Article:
Member associations of the IRU, the world road transport organisation, have voted for an emergency call to governments on dealing with current global supply chain disruptions.
IRU’s Goods Transport Council, representing more than three million logistics operators globally, unanimously backed the call on governments to accelerate digital trade tools, stop misguided Covid restrictions, act to alleviate driver shortages and level out soaring fuel prices.
“Supply chain disruptions are causing major issues every day in my region, at the crossroads of Eurasian and global trade, as in most other countries,” said Asli Çalik, President of IRU’s Goods Transport Council. “Logistics companies are doing their best, but governments also need to act now to keep goods moving.”
The resolution calls on governments to act in four areas. First, it stresses the need to alleviate congested ports and restore trade flows by accelerating the uptake of existing digital trade facilitation tools, including for the UN CMR and TIR conventions.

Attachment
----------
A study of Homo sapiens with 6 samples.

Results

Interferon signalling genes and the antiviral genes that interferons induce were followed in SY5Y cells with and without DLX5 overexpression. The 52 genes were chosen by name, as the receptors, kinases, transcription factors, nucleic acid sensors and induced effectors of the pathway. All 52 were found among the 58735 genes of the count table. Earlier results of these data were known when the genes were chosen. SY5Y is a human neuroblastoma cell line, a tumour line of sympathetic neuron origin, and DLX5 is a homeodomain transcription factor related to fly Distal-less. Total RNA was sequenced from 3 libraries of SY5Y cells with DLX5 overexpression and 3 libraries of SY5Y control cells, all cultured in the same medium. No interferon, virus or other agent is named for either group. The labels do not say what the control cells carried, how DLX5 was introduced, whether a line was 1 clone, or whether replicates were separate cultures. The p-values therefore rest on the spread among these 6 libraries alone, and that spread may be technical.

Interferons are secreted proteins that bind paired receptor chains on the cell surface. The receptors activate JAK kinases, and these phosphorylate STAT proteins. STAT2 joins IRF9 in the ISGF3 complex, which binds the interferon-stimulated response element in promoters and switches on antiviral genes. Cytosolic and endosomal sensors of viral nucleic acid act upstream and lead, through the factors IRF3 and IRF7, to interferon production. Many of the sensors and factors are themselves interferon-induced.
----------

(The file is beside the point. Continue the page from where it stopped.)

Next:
Next, the IRU advises, we should unblock truck movements by abandoning unnecessary and often politically motivated Covid border controls and driving restrictions, restoring freedom of movement for transport workers.
It also suggests easing truck driver shortages by lowering the qualification age for professional drivers to 18, speed up driver visa processes, and encourage training places with a particular focus on attracting more women into the profession.
And finally, it urges freezing or adjusting fuel taxes and charges to level out soaring fuel prices.
“With the end of year holidays approaching quickly, consumers are already starting to pay the price for this supply chain mess,” commented IRU Secretary General Umberto de Pretto. “We need governments to act now to avoid delays and shortages of products through to the end of the year and into 2022.”